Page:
Linda Whittenberg

Take the garage—
Backpacks carried up and down
mountains forty years, tents
where our co-mingled breath
beaded on the interior,
all kinds of gadgets
for repairing, installing, maintaining.

Chances are good,
no matter where you start,
the toolbox will get you even more
than when you cleaned out the closet
or dresser or desk. Maybe it’s because
objects there hold remains of his sweat.

The claw-hammer handle still carries
traces of where he gripped it building a ramada
toward the back of the yard, a high shelter
for the best view of moons that rise
over the mountains.

You recall how his younger friend Leon
came to help place vigas on posts
to form the frame and how alone
he spent happy days filling in the sides
with smaller logs and finally
hanging a swing in the perfect spot
for moongazing.

Start anywhere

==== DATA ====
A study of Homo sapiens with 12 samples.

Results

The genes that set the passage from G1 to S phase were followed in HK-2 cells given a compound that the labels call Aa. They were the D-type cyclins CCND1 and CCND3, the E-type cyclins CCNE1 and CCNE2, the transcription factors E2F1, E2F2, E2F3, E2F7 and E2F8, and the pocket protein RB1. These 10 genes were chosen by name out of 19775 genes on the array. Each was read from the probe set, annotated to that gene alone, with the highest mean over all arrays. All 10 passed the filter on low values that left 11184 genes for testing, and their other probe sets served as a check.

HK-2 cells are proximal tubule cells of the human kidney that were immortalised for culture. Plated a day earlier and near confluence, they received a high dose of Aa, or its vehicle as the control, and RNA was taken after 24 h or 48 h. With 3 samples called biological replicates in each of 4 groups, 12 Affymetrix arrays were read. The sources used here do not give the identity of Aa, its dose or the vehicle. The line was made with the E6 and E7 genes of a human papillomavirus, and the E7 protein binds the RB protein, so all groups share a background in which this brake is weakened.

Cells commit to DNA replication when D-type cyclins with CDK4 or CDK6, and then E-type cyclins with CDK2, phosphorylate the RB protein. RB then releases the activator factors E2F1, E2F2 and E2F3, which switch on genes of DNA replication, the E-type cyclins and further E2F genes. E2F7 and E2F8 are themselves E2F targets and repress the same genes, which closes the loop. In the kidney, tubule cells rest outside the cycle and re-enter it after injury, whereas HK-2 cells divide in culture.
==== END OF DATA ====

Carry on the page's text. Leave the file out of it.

and you’ll come to this—
how proud he felt,
although he wasn’t one to brag,
snuggling and swinging with his woman,
dogs at our feet,
horses and mules in the paddock,
even an exceptional goat.
Start anywhere and you’ll come back
to the glories of love lived here.


In the high desert, rain gauges measure
fractions of happiness, levels of despair.
In drought any gathering of clouds brings
a sliver of hope. People greet each other
with weather reports.

We cheer ourselves with memories
of when Monsoons, like clockwork,
brought afternoon showers.
We name years—
Sunflower Year, when gold
spilled along country roads,
Year of Asters when the valley turned
seven shades of purple.

Then, back to the present—
Year of the dreaded Bark Beetle when
hills are dressed in dead piñon.
One piñon, a centurion I have befriended,
cleaved to the side of the deep arroyo,
fought so hard I began to believe it could
make it, but, no, at last, it had to go.